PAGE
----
Why should students and teachers annotate?

Why should students and teachers annotate?

While studying what makes students successful or unsuccessful on Newsela quizzes, we noticed that some students had been annotating text to help them prepare for quiz questions, as shown in the image below.


We learned that on average, students perform nearly one letter grade better when they annotate the text before they take the quiz or while they are taking the quiz. Moreover, we found that this tactic was particularly useful for Common Core Anchor Standard 1, "What the Text Says." When the quizzes were aligned with this standard, students' scores improved by 15 percent on quizzes above grade level.

 


We already know that annotations are a great way to measure student engagement within an article and that annotations lead to increased student success. Still, we wondered: when teachers share annotations with their students, does it make the student more likely to annotate? 

To answer this question, we looked at over 21,000 annotations from teachers. As shown below, we saw that teachers use annotations in many different ways -- some like to ask their students questions, while others like to help define words, or  assess comprehension.

Annotations where teachers ask questions to students




Then we looked at over 125,000 student annotations which corresponded to the annotating teachers. The evidence was clear. It does matter when a teacher shares annotations with a student. In fact,

Students are more than five times more likely to annotate if their teacher annotates

Why More Likely to Annotate?

So we know students are more than five times more likely to annotate an article when their teacher their annotations. That leads to a second question: what is prompting the student to annotate more?

To answer this, we wanted to see if:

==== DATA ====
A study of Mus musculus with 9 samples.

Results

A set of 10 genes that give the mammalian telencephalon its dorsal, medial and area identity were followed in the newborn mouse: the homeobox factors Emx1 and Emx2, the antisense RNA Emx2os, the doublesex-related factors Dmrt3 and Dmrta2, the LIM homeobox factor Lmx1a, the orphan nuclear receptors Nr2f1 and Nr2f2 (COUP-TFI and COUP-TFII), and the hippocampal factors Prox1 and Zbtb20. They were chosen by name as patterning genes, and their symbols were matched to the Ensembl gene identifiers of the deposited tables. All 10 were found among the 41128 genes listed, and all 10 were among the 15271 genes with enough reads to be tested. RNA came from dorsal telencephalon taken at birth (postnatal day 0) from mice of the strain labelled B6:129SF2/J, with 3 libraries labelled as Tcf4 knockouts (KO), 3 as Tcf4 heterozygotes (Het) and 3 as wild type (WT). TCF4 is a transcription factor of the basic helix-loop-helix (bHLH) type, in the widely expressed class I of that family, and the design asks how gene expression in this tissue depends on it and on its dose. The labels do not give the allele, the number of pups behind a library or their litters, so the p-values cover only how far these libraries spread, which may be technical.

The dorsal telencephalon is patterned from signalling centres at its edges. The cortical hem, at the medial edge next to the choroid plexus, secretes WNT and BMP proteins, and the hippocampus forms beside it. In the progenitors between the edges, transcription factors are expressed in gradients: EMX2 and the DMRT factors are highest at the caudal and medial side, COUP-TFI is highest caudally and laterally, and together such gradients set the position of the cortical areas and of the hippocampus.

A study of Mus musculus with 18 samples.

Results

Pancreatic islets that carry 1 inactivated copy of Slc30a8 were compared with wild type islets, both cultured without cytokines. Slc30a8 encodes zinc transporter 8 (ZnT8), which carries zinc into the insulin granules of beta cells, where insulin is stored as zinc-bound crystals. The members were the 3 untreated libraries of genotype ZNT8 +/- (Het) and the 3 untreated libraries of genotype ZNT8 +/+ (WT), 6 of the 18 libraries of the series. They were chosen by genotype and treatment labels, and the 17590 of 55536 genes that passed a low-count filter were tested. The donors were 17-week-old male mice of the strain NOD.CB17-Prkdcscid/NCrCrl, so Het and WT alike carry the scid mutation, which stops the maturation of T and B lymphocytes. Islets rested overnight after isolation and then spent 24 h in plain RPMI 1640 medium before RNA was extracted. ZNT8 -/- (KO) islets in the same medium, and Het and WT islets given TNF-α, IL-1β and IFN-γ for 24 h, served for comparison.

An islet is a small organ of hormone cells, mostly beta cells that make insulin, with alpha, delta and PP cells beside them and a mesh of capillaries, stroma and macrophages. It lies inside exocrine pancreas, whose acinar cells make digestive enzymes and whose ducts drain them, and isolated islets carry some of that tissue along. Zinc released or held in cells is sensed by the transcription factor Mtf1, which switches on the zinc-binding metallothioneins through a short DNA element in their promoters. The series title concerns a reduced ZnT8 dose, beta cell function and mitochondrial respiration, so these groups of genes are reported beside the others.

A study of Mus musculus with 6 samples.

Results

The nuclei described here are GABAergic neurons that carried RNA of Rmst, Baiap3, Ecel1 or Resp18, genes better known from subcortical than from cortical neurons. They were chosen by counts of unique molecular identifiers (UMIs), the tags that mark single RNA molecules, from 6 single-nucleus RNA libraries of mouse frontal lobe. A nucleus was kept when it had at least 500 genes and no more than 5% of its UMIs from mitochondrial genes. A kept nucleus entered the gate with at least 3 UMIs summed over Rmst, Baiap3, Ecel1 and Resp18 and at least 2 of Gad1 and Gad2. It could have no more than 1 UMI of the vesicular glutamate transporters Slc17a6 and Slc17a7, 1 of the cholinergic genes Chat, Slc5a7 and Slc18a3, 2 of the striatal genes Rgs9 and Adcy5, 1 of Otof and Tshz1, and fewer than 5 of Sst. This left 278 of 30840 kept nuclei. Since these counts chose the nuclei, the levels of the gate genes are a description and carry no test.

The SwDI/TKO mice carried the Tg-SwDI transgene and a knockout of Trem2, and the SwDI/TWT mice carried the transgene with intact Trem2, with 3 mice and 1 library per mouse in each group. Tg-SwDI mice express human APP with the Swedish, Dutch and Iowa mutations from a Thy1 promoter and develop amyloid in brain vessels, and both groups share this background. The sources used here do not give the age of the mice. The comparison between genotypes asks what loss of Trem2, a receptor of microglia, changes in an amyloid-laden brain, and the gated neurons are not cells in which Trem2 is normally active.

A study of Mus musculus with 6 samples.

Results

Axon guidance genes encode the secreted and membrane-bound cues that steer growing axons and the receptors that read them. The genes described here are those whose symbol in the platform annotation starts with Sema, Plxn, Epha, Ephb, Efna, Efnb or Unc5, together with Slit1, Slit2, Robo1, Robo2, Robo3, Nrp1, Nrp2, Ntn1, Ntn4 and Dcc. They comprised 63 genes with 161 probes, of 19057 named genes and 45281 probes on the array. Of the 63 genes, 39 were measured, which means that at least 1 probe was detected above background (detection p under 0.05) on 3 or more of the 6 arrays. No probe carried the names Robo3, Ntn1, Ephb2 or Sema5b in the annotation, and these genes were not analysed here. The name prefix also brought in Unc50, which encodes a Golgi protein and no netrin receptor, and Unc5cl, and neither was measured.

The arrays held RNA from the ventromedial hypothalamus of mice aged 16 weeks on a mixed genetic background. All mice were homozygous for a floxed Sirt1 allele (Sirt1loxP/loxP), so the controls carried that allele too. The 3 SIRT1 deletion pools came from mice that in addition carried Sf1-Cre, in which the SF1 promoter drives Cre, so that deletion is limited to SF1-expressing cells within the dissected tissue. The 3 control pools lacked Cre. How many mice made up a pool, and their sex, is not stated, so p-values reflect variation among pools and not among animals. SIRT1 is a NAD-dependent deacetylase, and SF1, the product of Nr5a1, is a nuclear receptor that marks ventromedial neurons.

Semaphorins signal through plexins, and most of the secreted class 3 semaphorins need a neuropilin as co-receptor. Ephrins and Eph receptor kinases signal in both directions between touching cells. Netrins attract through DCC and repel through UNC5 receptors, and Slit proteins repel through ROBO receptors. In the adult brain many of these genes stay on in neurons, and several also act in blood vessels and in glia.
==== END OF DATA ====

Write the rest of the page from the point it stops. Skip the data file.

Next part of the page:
1. students were responding to annotations and/or
  2. students were annotating articles that were assigned by their teachers.

Now, it’s important to note that a student can respond to a teacher’s annotations once a teacher has shared his/her annotations with their class. Additionally, teachers can assign articles to students.

It’s no coincidence that 73% of the 142,000 student annotations have either one or both of these properties. Their annotations are either responding to teacher’s annotations and/or part of completing their article assignment.

Student Annotations Associated with Teacher Annotations


Teachers can help their students get into the habit of annotating by making it a routine any time students read a Newsela article.  Annotating helps students read actively and monitor their own comprehension as they read. There are a variety of ways that you can get your students hooked on annotating Newsela articles, as explained in this article.

While we’ve done our annotation homework, there could certainly be other reasons why students are 5 times more likely to annotate when their teachers do. Teachers, tweet us @Newsela and use the hashtag #HowINewsela to let us know what else is compelling your students to annotate articles.